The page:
The Astronaut's Wife
New Line
Review by Heather Picker | posted November 9, 2000

Jillian, who even sports a 'do reminiscent of Mia Farrow's famous [b]Rosemary[/b] look (actually, it is more of a cross between the hair of Farrow and MTV veejay Serena Altschul), feels alienated when Spencer returns and exhibits uncharacteristically withdrawn behavior, is given more reason to mope around when he resigns from the space program and takes a job with a firm that necessitates a move to New York, and generally spends an hour and fifty minutes delaying the inevitable by looking pensive and chatting with her sister, Nan (a bright spot in the film provided by Clea DuVall). A subplot is the plight of Spencer's friend and fellow astronaut, Alex Streck (played by Nick Cassavetes). Alex was with Spencer when they lost contact, and as Jillian learns from his wife, Natalie (Donna Murphy), is now acting like Spencer.

The Streck storyline concludes with the separate, ugly demises of both Natalie and Alex, the circumstances of which contribute to Jillian's suspicions that something went wrong during those two lost minutes. Though only a small part of The Astronaut's Wife, the Streck's story ends up being more satisfying than that of the Armacosts. Jillian inches, ever so slowly, closer to the truth, eventually with the aid of a former NASA employee (Joe Morton) who ventures to New York in order to provide her with information that is supposed to be terrifying, but instead prompts the response, "It's about time."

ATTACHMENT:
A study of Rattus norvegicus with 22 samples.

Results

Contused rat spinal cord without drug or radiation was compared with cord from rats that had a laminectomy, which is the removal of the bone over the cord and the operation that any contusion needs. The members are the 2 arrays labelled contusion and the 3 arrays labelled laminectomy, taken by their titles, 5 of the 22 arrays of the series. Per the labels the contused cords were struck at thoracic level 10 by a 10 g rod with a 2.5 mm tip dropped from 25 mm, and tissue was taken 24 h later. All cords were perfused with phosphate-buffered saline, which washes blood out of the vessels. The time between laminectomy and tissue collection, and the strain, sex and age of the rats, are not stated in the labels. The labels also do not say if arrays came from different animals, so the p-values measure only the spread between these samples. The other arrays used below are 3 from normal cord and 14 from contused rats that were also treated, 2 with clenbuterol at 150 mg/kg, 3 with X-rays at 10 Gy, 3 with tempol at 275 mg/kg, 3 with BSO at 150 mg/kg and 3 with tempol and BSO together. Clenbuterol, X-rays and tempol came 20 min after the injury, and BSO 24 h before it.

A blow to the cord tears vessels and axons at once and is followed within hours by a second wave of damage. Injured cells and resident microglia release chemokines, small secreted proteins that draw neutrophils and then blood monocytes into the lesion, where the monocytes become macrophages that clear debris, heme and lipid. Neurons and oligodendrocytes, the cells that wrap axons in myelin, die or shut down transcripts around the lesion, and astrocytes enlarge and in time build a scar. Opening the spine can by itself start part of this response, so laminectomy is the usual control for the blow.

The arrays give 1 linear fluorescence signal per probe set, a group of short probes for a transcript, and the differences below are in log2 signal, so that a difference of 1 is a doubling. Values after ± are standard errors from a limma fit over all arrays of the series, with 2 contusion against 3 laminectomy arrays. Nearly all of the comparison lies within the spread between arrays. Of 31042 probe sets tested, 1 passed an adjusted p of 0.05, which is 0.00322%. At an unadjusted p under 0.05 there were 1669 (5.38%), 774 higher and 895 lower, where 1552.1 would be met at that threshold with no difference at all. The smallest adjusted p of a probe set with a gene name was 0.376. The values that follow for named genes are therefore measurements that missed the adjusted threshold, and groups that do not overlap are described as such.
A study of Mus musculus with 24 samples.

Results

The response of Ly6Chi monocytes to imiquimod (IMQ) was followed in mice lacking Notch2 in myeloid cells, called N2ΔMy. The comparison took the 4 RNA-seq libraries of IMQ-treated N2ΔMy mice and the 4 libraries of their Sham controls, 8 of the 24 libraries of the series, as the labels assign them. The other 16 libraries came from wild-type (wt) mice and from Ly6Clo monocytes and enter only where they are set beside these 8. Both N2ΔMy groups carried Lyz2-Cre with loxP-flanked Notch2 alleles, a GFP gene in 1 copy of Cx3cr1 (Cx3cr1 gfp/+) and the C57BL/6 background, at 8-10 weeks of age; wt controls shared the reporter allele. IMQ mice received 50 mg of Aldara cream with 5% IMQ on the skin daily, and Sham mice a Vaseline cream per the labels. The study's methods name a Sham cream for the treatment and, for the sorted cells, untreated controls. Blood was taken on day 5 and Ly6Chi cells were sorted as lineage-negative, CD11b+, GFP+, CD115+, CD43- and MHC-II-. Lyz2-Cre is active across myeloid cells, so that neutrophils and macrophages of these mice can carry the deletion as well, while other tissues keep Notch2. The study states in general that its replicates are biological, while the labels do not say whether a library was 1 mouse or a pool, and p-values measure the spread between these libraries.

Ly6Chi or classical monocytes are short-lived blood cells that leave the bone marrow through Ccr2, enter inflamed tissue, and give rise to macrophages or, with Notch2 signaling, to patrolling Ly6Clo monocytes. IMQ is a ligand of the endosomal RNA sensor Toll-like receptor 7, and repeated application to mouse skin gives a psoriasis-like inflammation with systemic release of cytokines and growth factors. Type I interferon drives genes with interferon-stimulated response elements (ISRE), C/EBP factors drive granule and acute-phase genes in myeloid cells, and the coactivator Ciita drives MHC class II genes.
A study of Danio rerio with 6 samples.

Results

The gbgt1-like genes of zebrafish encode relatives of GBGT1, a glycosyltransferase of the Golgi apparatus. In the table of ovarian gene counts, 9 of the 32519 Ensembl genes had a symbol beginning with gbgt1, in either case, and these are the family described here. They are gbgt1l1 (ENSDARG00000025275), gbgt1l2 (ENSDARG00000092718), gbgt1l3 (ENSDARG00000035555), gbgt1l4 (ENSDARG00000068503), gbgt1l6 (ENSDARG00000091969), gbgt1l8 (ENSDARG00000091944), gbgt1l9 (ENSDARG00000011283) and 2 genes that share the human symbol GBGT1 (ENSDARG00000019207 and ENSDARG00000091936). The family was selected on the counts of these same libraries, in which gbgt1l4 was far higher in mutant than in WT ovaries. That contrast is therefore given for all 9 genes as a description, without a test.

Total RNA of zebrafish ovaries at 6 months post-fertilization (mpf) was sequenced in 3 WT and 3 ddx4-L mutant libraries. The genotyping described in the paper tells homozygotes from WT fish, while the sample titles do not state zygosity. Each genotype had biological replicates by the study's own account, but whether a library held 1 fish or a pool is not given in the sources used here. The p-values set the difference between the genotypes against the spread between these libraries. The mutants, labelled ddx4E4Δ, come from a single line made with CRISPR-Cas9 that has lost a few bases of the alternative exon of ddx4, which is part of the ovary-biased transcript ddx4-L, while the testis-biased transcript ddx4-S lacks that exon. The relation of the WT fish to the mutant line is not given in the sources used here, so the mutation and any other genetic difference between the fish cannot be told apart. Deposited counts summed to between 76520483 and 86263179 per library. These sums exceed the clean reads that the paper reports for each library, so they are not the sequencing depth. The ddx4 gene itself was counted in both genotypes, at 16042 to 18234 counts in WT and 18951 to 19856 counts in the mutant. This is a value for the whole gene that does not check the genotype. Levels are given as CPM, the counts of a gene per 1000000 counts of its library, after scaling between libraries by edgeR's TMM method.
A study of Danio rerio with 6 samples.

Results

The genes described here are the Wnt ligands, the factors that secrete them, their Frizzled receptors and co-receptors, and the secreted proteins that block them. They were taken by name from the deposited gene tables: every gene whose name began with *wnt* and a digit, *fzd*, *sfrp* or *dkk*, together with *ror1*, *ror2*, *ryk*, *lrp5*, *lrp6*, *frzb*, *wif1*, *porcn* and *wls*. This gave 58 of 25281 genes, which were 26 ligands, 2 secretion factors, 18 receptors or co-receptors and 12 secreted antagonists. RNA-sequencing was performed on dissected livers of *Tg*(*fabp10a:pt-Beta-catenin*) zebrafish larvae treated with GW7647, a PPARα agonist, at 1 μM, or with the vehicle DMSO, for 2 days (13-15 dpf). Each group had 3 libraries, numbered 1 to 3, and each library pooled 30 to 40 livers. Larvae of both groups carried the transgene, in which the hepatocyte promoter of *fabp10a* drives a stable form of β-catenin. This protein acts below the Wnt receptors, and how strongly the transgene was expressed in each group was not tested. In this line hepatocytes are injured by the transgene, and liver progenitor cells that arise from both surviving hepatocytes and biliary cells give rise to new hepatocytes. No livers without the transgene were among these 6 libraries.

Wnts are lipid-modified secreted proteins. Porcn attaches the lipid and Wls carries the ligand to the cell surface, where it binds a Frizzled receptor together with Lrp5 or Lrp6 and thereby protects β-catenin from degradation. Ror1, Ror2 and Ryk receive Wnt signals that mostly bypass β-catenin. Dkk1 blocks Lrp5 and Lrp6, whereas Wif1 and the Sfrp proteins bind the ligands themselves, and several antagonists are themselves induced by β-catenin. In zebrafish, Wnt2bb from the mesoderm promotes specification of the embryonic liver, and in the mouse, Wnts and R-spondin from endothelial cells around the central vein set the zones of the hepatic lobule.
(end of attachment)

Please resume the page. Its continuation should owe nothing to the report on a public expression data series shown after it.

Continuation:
The concept had potential, but the script, by Rand Ravich (scribe of Candyman: Farewell to the Flesh) is uneven and has a ridiculously bad final act. Depp and Theron are both solid, however, and Ravich's directing fares slightly better than his writing. Morton, Cassavetes and Murphy provide good support, but there is nothing redeeming here.

The DVD: The Astronaut's Wife is a New Line release. As such, you can expect to get your $24.98's worth of quality, though supplementary content is lacking. The widescreen, anamorphically-enhanced transfer is stated on the packaging as being presented in the 2.35:1 aspect ratio, but it should be noted that it is actually shown in 1.78:1. A dark film, the colors are perfectly rendered and the detailing is excellent. The soundtrack is also top-notch, with clear dialogue, score and sound effects. There are two English tracks to choose from, 5.1 Surround Sound and Stereo Surround.

The features include the original theatrical trailer, cast and crew filmographies, closed captioning, interactive menus, and scene selections. DVD-ROM content includes access to the original website contents, the option of reading the screenplay as you watch the film and a bonus Lord of the Rings web browser. Though disappointing compared to other New Line releases, The Astronaut's Wife DVD is much better than the film itself.